TIME IS RUNNING OUT
Ghana is such a great country that I would never wish to be a citizen of anywhere else. There is abounding peace, democracy, no intimidation of any sort and the land is rich in minerals. These are only but a few among a lot of other things such as the numerous problems we face.
These are really problems which I acknowledge because they are too great to ignore. Issues like unemployment, which is a recognized convention in Africa, extreme poverty and hunger, poor health care, lack of basic educational facilities among other things which include the new found trade in insults among politicians, the abuse of democracy so the citizenry can speak to the leaders in disrespectful fashion, impunity , certain unfavorable trade policies and others.
The problems seem endless and I wonder if they will ever be solved someday. They seem to rock the nation like a boat leaving those who are neck deep into them devastatingly hopeless.
Another big problem which I see is the huge divide between the north and south in terms of development and the hub of the economy. Both go in favor of the south. I remember some of my mates asking me whether I am Ghanaian after mentioning that I come from the north while others seriously asked me if there are any Senior High Schools in the north much to my disbelief. Some actually prefer southern schools because of their prejudice about the north as a place with little or no urbanization. The harsh weather conditions may count as well.
It is really surprising the difference one sees. It sets me thinking: over fifty years down the lane and we still face the problem of 'geographic and economic inequality'. How many more years will we need to take to bridge the gap? Now that these two phases of challenges have been mentioned I can confidently say we are in a seemingly bottomless pit of challenges.
As the issue of time has been aforementioned, I will go straight to the point now. The time given to the Government of Ghana to solve problems of extreme poverty and hunger, health and education is fast elapsing. The Millennium Development Goals which the UN mandated all member states to reach by 2015 include eradication of hunger, basic health care to all, and the access to basic education by all among five others. Some policies have been put in place to reach these goals like the FCUBE and NHIS. These are to some extent good as some Ghanaians do not have the money to register for the health insurance while there are limited educational facilities in the rural areas like a decent infrastructure to learn in—rather they make do with what nature has bestowed—they sit under trees instead. Classes are frequently disrupted during the rainy season.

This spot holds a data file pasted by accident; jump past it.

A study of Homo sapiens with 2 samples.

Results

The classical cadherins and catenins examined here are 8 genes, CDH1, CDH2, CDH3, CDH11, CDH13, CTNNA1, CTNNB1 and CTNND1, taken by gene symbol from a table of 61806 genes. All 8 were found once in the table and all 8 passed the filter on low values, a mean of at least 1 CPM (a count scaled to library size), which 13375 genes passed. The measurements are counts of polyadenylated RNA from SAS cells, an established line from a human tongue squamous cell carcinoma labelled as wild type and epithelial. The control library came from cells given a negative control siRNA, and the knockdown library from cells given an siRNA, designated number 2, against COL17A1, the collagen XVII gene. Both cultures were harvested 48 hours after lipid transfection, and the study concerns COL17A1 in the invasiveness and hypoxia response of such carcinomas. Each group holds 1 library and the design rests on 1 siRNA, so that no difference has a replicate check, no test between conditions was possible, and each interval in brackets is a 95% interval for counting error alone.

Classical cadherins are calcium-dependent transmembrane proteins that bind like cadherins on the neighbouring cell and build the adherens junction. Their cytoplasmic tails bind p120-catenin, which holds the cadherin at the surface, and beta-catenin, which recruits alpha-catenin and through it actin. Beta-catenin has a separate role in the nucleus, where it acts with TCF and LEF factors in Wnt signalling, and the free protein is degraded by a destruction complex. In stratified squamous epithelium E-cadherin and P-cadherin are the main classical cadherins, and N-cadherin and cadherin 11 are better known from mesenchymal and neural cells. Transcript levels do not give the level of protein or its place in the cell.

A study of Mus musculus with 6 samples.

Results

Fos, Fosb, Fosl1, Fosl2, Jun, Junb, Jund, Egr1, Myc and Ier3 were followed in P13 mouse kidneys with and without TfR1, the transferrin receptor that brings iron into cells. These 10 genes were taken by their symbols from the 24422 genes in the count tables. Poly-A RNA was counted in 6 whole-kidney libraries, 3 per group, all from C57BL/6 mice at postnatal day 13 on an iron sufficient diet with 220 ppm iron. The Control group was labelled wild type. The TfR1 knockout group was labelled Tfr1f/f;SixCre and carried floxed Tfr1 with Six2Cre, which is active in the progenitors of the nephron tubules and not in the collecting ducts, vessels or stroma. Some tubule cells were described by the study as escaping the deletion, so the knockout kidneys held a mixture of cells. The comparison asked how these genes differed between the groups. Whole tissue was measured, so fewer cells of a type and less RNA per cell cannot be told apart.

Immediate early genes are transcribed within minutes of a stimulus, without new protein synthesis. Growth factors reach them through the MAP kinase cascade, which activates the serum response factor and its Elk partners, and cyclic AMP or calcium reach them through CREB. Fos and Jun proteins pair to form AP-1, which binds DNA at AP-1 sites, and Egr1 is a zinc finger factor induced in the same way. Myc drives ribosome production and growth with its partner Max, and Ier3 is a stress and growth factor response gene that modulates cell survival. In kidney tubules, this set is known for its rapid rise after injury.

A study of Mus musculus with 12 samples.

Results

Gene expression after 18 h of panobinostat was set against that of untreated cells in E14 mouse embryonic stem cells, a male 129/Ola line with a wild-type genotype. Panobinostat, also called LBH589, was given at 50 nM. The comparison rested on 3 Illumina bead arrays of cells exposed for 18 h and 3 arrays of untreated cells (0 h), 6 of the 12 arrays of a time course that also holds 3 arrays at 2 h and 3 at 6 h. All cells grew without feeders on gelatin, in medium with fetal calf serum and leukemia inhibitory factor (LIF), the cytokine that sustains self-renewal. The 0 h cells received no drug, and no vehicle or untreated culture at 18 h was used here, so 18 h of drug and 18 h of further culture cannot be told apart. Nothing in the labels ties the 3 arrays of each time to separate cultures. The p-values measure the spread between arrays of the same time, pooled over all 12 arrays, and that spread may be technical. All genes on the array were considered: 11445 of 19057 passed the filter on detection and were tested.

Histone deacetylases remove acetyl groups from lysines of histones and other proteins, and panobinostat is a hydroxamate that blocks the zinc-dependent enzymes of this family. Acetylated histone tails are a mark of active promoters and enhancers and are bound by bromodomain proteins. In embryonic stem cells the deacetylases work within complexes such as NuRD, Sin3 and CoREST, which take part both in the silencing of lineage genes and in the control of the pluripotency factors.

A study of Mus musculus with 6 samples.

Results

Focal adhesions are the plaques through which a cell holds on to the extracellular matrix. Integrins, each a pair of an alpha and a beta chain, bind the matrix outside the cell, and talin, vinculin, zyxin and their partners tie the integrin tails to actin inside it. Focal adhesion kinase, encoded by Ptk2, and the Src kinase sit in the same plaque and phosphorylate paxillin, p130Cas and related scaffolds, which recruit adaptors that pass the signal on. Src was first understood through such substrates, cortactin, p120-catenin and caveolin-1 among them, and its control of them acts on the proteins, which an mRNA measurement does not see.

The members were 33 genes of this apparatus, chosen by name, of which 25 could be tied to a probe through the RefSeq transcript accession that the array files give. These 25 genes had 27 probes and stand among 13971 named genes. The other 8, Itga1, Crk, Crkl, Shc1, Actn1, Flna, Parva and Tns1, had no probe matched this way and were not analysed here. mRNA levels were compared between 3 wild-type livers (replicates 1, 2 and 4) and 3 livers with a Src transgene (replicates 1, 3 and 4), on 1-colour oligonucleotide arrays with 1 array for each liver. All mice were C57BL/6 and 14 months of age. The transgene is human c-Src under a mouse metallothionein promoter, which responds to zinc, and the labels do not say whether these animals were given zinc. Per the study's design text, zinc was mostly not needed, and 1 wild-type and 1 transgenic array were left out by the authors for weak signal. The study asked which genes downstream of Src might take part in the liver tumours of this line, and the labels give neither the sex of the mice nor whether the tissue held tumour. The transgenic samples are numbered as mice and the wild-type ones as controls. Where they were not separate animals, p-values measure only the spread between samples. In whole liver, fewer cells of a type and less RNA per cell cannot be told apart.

The deadline given is fast approaching. The incumbent policies are not eradicating the problems as they should. They need to be effectively carried out. We need to see the conscious efforts put in. We are tired of hearing about the plans. I respect the SADA mechanism which can help solve the problem of development in the north. But what kind of hope does a program which has used two years in putting the administrative structure alone in place possibly give? This surely gives me the idea that it will take at least ten years before we can anticipate enjoying first fruits.
This is the time work needs to be done to put finishing touches in place before 2015. Unfortunately the government does not seem to be keen on finishing up. It is either they do not realize how near the time is or they simply do not care. Rather what they are doing today is busily spreading false propaganda against their own and dividing themselves up in the process while trying to secure another four years in office. It is undoubted that the governance of the nation is secondary.
We are in a fast paced world. Whether or not we accept it we are on the fast lane but in a slow car that is outdated and needs changing. We must move in the pace of others. We have to struggle to keep up or we suffer. Once again we need to see the conscious efforts in overcoming the challenges. Time is running out.